Concordia students say they experienced the paranormal world when a psychic visited before mid-semester break.

Christopher Moon, a self-proclaimed psychic medium and paranormal researcher, came to campus Oct. 15 to explain to students his work and take them on a ghost hunt.

Moon began the adventure by giving a presentation in the Centrum.  He gave students a chronological look into his experiences as a child and how he came into his work.

His presentation made students laugh when he talked about his skeptic father and scream out loud at his story of being attacked by Andrew Borden, the father of alleged ax-murderess Lizzie Borden.

Once his presentation was complete, roughly 50 students followed him to the theater for the ghost hunt.  The theater is, according to Concordia legend, the home of Al Gersbach, the “theater ghost.”

Moon first used a recording device to see if there was any electronic voice phenomenon that could be gathered.  Once that was completed, he sat on the edge of the stage and students gathered around him as he opened his Telephone to the Dead, a communication device that supposedly lets one hear the voices of spirits who are speaking.

Not only did Gersbach come through the Telephone, but so did many other spirits.

Scott, a six-year-old boy, came through and confessed to being the culprit behind some of the moving props from theater productions.  He has been at the theater the longest.

A few students asked Gersbach specific questions.  One asked if he liked the light that theater students left on for him.

“I can’t turn it off,” a man responded through the device.

Moon later explained that it is easier for spirits to turn things on than to turn them off.  He suggested that the students leave the light off and see what happens.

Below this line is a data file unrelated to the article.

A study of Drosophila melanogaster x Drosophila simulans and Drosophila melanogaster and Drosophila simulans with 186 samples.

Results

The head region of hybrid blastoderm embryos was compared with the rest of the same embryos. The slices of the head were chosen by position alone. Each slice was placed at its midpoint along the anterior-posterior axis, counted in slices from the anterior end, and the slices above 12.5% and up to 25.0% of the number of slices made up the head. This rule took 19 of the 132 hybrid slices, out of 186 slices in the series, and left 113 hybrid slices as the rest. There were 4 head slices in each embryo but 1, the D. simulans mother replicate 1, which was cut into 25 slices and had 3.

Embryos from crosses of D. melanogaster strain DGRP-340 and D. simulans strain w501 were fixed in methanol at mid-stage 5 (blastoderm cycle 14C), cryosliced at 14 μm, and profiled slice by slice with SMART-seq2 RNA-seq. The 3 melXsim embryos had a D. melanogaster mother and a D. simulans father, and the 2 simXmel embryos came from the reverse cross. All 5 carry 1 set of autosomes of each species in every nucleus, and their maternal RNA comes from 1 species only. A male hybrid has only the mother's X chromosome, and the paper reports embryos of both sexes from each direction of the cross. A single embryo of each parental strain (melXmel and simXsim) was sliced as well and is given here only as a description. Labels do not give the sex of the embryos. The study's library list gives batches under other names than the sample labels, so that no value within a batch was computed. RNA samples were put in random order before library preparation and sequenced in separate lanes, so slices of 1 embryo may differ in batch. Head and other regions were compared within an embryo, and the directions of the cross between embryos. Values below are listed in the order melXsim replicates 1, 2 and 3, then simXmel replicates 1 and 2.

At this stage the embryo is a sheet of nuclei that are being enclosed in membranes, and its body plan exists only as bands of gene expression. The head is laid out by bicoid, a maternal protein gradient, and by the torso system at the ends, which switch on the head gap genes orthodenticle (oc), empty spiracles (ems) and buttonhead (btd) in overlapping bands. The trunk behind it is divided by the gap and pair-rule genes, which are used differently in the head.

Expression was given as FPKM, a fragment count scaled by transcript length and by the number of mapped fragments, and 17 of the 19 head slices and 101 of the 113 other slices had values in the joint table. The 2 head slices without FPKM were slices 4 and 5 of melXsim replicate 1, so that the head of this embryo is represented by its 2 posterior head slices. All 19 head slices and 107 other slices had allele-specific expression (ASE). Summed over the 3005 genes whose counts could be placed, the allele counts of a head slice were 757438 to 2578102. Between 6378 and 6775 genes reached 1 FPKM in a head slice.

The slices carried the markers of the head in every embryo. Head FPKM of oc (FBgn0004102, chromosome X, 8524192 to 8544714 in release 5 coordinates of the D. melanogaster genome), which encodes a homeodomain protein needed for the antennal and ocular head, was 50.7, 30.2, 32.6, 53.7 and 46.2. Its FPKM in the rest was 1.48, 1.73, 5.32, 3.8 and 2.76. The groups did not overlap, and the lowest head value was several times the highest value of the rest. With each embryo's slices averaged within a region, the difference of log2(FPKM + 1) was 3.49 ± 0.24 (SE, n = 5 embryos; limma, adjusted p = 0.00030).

Luke Fitterer asked if Pam Jolicoeur, former president of Concordia College, was there.

“Hello, hello!” a woman’s voice said.

Fitterer said he asked because it was a way to verify that the whole experience was real.

“I could definitely hear her,” he said.

The students gasped at the woman’s response.  Nearly everyone was visibly shocked, including Katie Englund.

“Some of the things I heard came through so clear,” she said.

Englund, a junior, is the special events commissioner for Campus Entertainment Commission.  She planned the event along with co-commissioner Luke Fitterer.

“We’ve never done something like this before, but I think campus responded really well to it,” she said.

She explained that she was not sure how the campus would receive the event because of the affiliation with the ELCA and whether or not that would cross some borders with people.

“He didn’t really talk about anything demonic… but some people do feel uncomfortable,” she said.

The event itself elicited discussion about death and faith, as well as the presence of spirits.

“I don’t know if I believe in it,” Englund said.  “I haven’t figured it out yet.”

Stephanie Halvorson, a freshman, had a similar response.

“I’m trying to decide what I believe,” she said.  “It’s hard to grasp something like that.”

Halvorson said the whole experience relates to Christianity.

“You can’t see God.  You can’t feel God, physically,” she said.  “I want to take away that there are other things present when you don’t know (it), when you can’t see it.”

Most of all, the experience seemed to create a sense of unity in the students who went.

“We were all huddled around this wooden box trying to talk to a ghost in the dark, with people you probably haven’t talked to,” Englund said. “At one point I looked over and I didn’t know anyone sitting by me, but we all had goosebumps.”

The people that were at the event found it hard to explain to others what happened.

“Only the people that were there understand,” Halvorson said.